OKLAHOMA CITY – I recently had the chance to catch a sneak preview of A.D. from producers Mark Burnett and Roma Downey, and I will sum up my thoughts in three words: I am excited.
Launching off the success of the Bible miniseries and Son of God feature film, Burnett and Downey are using A.D. to give viewers something new: a thorough look at what happened in the early church immediately following Jesus’ crucifixion.
This is indeed newsworthy.
In a world of Ben-Hur, The Ten Commandments, The Passion of the Christ, Noah and Exodus: Gods and Kings, there has never been a major cinematic treatment of the early church. So, this is new territory, and if the first episode is any indication, I believe we are in for a mind-expanding and enlightening series.
Of course, it should immediately be noted that this series isn’t a word-for-word presentation of the Biblical text.
To be very clear – a visual Bible this is not.
Instead, the writers take the basic Biblical vignettes and augment them with tastefully crafted dialogue. These interpolations help weave together the threads of well-known elements in a way that is creative, respectful and quite believable.
One example of this would be the treatment of Pilate and his wife.
After the crucifixion, we see Pilate and his wife engage in a series of encounters that become increasingly bitter. This marital strife makes complete sense given what we know of those two. After all, she did tell him not to have anything to do with Jesus’ death, and he completely ignored her. Bad idea.
Another example would be the handling of the politics surrounding the burial of Jesus by Joseph of Arimathea.
We know that Joseph was a member of the council (many suggest the Sanhedrin) and a secret follower of Jesus. We also know that he eventually gathered up the courage to ask Pilate for Jesus’ body and buried it in his family’s tomb.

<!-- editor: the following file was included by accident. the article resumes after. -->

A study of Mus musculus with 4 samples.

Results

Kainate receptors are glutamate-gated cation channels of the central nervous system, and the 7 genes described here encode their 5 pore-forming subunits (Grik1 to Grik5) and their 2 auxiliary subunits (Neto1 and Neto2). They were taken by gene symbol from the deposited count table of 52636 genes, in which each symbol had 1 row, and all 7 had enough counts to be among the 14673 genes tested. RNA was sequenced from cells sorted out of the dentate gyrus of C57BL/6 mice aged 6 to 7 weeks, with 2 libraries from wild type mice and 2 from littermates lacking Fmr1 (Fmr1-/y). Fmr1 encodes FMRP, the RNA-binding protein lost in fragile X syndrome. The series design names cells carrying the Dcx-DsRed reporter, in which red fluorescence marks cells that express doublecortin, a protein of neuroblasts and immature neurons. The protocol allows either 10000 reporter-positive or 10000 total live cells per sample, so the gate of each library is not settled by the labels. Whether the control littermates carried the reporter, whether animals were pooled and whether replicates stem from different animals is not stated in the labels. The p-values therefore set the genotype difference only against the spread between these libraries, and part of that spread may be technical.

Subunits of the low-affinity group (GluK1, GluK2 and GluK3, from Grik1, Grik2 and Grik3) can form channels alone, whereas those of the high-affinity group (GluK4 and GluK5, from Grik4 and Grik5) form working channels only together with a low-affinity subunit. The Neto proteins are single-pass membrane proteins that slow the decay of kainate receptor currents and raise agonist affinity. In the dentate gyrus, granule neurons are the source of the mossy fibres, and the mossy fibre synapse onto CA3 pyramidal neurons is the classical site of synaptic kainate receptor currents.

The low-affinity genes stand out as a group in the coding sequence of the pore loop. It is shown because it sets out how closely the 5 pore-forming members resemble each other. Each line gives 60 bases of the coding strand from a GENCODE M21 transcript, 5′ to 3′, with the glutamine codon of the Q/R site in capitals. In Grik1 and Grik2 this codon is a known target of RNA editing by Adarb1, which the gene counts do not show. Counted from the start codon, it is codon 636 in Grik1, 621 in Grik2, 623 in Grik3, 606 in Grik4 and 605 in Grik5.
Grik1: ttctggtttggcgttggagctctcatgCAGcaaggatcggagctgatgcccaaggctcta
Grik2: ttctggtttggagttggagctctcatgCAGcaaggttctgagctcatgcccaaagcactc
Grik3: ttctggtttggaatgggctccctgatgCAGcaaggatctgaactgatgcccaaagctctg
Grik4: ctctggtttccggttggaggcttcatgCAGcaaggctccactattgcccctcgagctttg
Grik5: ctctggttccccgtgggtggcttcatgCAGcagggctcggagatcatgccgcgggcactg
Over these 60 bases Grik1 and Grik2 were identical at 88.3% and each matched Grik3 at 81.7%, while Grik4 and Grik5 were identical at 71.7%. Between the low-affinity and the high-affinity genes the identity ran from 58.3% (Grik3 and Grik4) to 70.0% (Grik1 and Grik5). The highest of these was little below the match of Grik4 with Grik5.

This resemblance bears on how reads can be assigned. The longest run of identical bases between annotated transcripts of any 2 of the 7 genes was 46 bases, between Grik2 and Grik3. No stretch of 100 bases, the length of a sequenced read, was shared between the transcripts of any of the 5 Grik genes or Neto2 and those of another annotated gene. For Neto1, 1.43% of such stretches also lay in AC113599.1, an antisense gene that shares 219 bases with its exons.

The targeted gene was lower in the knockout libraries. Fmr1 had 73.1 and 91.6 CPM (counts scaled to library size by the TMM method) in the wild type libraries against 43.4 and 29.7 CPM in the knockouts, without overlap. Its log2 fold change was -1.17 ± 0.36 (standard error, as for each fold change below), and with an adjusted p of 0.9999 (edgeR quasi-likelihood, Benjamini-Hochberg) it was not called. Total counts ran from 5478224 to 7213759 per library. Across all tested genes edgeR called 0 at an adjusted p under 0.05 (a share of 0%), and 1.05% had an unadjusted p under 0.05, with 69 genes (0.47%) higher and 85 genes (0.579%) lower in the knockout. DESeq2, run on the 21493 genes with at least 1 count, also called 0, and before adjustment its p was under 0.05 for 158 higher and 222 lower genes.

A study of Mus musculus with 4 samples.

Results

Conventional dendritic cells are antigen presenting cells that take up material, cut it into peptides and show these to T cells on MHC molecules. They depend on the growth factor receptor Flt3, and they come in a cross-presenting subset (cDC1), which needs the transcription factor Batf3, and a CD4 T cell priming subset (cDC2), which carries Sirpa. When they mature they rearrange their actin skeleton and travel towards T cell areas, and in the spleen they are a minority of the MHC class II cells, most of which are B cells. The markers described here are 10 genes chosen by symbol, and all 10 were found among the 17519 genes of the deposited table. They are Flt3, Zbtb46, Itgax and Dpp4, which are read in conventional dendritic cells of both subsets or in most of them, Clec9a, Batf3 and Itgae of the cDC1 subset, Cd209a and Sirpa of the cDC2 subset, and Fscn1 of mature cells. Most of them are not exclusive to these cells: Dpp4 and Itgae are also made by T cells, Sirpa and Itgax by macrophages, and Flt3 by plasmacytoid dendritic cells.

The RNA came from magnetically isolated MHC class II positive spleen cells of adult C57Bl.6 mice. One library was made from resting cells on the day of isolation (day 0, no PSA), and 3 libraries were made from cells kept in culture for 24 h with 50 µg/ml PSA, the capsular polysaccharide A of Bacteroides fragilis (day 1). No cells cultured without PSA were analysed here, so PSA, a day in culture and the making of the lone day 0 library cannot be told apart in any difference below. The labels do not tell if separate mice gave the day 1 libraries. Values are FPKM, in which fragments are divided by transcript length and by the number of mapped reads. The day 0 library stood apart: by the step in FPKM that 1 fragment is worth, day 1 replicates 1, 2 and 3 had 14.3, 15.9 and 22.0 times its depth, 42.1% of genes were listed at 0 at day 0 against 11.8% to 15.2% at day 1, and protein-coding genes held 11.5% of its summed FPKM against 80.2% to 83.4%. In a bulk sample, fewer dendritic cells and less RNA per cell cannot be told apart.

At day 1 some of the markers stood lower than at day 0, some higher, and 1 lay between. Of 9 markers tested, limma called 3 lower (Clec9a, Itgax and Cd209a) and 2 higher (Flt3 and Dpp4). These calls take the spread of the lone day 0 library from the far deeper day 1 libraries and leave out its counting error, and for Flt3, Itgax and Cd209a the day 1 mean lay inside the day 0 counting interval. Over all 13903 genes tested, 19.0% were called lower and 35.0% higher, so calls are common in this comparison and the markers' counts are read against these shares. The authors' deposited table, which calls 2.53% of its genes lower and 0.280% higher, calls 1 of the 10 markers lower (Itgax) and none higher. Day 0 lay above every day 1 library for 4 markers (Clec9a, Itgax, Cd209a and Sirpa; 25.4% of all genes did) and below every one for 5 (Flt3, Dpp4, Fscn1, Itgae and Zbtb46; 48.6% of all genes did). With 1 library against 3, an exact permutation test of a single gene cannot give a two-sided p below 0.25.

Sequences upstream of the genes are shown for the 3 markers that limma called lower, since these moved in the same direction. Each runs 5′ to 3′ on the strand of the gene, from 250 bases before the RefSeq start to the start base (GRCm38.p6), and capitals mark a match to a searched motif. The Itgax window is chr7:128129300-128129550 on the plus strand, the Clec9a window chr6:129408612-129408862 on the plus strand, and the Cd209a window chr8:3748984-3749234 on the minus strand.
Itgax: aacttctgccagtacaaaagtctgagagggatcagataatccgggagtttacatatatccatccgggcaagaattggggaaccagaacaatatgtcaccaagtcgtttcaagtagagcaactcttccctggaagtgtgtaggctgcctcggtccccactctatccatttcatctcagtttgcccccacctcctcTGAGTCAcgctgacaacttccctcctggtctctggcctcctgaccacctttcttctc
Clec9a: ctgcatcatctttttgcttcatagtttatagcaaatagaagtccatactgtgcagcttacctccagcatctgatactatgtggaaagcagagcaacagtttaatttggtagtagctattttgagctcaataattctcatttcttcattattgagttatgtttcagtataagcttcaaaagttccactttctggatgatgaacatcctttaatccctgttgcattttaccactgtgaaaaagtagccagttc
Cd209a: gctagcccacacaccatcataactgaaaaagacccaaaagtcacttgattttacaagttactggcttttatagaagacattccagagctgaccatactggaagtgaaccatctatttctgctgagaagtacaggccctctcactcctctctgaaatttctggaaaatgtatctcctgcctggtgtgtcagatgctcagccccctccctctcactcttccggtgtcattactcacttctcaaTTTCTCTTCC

What we don’t know is exactly how all those facts surrounding Joseph of Arimathea played out in reality. We don’t know exactly what words he used to claim the body, and we are not made privy to Pilate’s motivations when he granted the request.
Thus, the A.D. writers present a scenario where Joseph, Caiaphas and Pilate interact in a tangled web of politics, each vying for his agenda, with Pilate ultimately rewarding the body to Joseph out of a desire to keep the Jews in a state of infighting.
At the premiere, Mark Burnett described this political intrigue as being on par with an episode of House of Cards. Having watched a couple episodes of House of Cards, that seems a bit of overstatement. But, I see what he means – there probably were intense political moves in play around Jesus’ death, so the direction the writers take makes sense.
In the end, the first episode was very interesting, exciting and essentially biblically faithful. Of course, as mentioned earlier, this is not a word-for-word adaptation, but rather a series based on the Biblical accounts.
Though much more could be said about various elements of the production such as casting, set design, music, CGI, acting etc., I will simply say that I find the whole tone of the project to be polished and well produced.
On that note: after the episode concluded, Burnett said: “Being a Christian doesn’t give you the right to produce crappy material.” His intent is clear – we should strive to put out the best stuff possible.
To that end, Burnett has succeeded. This material is first-rate cinema of which believers worldwide can be proud. It goes without saying that, since this is a TV series, some elements are less amazing than a full-fledged blockbuster movie. Still, the overall effect is excellent and often quite memorable.
In closing, I will simply say, this looks to be a wonderful series. I cannot wait for episode two.
Grant Stevens writes reviews for this site and for the print and online versions of the Christian Chronicle. He also plays music and enjoys basketball.